CHARLOTTE, NC (WBTV) - University officials at UNC Charlotte say they intend to do a top-to-bottom review of everything before, during and after the campus shooting on April 30.
“Still in gathering and information phase. We will be looking at everything from our initial response to the incident through to include our preparedness activities, our training. No rock will be left unturned” said Chris Goynar, Director of the Office of Emergency Management in the Safety & Security Division.
UNC Charlotte’s Chancellor Phil Dubois says “We’re going to use our external review to come in and help us understand, as Chris said top to bottom. What did we do? How did we do it? When did we do it? How did we communicate with the campus?”
Whenever a school shooting happened, police departments across the country looked for lessons to be learned.
UNC Charlotte Police Chief Jeff Baker says he did just that with prior active shooter incidents.
“One of the things that we try to do is review consistently and train consistently as well and also at the same time talk with others and research,” said Chief Baker. “Research is very important on this topic and that’s something that we did. That all combined – it’s been an ongoing eight-year process for us where we were consistently planning and training for this exact type of situation.”
Chief Baker says when he heard the radio dispatch last week of a shooting on campus, he put the department’s active shooter procedures into action.
“Lock down the campus. Second step send out all emergency messaging that we have at hand and third step make entry into the building.”
An expert at Threat Suppression Inc. says the response to the UNCC campus shooting stands out.
“The speed to the response. So obviously we know the quicker we can get the quicker response from law enforcement or campus security that’s armed, the quicker that the threat will be mitigated,” said Dominick Pagano.
Many people still remember the school shooting last February in Parkland, Florida when a sheriff’s deputy was accused of dereliction of duty during the mass shooting at Stoneman Douglas High School.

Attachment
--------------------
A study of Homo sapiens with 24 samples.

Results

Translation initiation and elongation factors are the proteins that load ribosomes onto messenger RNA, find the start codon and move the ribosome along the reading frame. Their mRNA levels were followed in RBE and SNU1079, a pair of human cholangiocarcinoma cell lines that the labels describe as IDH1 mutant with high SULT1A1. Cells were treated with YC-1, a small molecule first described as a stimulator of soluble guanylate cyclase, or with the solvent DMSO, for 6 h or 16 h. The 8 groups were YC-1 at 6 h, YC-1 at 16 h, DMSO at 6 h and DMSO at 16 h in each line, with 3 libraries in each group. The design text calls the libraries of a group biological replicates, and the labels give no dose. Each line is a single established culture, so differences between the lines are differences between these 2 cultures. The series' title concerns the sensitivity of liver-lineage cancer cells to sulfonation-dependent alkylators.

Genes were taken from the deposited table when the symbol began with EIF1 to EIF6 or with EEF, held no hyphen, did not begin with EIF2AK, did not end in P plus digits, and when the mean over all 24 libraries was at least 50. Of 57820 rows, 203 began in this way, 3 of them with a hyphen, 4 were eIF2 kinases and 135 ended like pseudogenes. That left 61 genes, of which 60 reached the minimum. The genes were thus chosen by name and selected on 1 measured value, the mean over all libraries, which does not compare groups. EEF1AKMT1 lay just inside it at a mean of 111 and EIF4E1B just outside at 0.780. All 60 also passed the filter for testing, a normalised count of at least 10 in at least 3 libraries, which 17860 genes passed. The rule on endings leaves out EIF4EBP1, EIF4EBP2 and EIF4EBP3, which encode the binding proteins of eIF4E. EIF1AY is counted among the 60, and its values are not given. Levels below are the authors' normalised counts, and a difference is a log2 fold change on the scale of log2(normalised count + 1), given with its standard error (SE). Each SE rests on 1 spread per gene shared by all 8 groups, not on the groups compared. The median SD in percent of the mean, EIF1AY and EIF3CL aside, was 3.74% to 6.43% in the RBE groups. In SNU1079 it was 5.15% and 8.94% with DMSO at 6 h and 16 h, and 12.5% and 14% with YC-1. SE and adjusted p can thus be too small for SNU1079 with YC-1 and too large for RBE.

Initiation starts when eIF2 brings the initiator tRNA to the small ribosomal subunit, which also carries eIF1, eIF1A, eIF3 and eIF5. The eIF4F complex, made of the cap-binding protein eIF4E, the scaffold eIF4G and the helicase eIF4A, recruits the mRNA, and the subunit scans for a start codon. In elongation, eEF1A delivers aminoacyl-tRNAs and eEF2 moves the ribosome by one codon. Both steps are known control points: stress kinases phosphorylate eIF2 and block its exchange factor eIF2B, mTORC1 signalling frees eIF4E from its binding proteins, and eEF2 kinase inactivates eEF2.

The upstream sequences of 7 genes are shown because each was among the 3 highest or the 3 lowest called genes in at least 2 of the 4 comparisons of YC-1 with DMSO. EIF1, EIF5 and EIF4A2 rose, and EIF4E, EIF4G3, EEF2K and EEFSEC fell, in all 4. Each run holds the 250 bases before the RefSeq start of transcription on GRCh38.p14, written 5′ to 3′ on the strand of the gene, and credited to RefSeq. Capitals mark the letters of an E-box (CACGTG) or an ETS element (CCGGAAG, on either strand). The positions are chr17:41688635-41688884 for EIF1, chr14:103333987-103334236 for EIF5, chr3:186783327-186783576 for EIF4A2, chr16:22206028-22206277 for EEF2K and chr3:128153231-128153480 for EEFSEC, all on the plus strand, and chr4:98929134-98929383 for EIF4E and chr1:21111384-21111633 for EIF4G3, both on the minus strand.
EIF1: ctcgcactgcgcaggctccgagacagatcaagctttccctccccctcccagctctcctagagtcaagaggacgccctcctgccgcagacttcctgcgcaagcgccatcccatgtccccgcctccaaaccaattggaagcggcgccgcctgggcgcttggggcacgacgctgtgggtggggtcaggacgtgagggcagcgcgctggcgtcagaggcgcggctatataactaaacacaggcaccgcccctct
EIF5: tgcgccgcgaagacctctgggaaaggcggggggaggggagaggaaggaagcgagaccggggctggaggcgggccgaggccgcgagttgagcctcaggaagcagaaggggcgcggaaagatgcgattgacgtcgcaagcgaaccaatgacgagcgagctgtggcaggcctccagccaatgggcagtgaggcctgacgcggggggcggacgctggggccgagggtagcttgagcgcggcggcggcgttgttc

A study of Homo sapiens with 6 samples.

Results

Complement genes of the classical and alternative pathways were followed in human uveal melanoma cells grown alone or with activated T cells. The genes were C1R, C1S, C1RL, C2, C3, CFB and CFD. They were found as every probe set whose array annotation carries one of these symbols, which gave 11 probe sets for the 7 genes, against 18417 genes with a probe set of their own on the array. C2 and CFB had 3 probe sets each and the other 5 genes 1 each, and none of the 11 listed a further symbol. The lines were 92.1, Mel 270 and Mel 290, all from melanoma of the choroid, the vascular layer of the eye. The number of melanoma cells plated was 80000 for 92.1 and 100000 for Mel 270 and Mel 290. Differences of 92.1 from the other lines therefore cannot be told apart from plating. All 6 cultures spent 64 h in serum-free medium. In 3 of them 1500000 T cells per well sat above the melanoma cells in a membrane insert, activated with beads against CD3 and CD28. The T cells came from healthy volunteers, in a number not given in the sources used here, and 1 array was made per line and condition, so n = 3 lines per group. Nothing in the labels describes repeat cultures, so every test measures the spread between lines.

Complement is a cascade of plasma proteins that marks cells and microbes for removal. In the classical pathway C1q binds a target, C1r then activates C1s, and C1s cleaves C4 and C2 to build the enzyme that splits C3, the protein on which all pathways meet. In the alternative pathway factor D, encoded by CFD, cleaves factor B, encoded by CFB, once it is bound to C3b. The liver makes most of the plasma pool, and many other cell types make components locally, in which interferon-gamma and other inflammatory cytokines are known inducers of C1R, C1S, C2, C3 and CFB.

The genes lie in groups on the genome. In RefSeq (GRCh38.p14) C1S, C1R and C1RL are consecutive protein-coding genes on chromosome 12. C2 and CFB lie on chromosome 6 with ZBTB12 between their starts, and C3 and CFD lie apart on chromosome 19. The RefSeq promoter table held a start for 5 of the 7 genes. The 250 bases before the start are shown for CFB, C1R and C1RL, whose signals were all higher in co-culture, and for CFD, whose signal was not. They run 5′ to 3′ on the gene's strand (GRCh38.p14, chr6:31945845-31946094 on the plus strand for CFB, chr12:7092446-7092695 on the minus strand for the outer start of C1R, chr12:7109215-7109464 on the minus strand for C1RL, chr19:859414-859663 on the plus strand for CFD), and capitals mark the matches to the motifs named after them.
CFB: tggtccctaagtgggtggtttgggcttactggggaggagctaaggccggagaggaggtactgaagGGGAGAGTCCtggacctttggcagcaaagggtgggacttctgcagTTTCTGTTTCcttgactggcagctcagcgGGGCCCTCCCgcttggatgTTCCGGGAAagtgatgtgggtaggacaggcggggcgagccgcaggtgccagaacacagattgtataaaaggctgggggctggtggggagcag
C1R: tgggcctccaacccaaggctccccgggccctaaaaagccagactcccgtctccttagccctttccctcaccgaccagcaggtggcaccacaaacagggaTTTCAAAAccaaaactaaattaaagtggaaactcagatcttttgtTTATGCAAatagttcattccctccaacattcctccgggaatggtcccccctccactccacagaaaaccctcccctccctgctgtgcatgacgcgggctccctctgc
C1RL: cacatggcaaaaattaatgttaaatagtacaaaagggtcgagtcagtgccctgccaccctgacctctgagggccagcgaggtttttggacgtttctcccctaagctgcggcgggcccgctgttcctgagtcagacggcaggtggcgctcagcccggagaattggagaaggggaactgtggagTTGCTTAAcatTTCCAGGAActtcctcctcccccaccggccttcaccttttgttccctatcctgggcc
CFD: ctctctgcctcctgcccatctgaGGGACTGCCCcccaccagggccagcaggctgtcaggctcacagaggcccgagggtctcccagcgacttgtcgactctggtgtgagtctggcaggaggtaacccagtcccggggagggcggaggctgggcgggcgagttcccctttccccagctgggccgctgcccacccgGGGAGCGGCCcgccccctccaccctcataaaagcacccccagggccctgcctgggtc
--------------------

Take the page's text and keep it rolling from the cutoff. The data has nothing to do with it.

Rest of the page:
Police say rather than going into the building to try and stop the gunman - the deputy waited outside.
“We’ve always taught that during active shooter events we don’t wait. We don’t stage. Officers take an oath and we need to go in there and do our job and that’s to stop the threat, said Pagano.
But, that high school shooting stands as a reminder to police what not to do during an active shooting.
“Most agencies had already been doing it and that was – hey listen – shots ring out, especially during an active shooter event, we know time is life. Time is not on our side and it’s not on our victims’ side so we need to get in there and we need get in there very quickly,” said Pagano. “So we learn from every event. We learn the good, the bad, the ugly and the only thing we can do is learn from those events and try to improve on our response. Not only our protocols but also our response times and our procedures.”
Chief Baker at UNC Charlotte Police says rapid response is part of his department’s policy.
“We have a written order that if ever we were faced with this that our officers are to go immediately to the sound of gunfire or to the incident itself whatever falls in place – that’s the standing order,” said the Chief. “There’s no conferring. We go. And we’re to stop the incident.”
Two campus officers ran to the classroom where the shooting was happened, and along with a student who later died, were able to stop the gunman.
“Absolutely. I think there were a number of factors that saved lives,” said Chief Baker. “Certainly, it was one of our students. There’s no doubt about one of our students and the heroics of him combined with rapid response and a variety of safety messaging and the lock down.”
The lockdown button in UNC Charlotte Police Emergency Dispatch Center is evidently one of the things others are now asking about and trying to learn more about from last week’s shooting.
"It is something that I think a lot of college campuses are being asked now" said Baker.
The Chief says the lockdown system, Open Options, was “manpower intensive to program and install in all buildings” but was an investment that the University decided to start doing about a decade ago.
“It’s an expensive process. It takes a lot of resources but it’s something our Chancellor absolutely felt was necessary for the entire campus” said the Chief.
Baker says over the last seven years, UNC Charlotte spent approximately $3 million on upgrades to the lockdown system.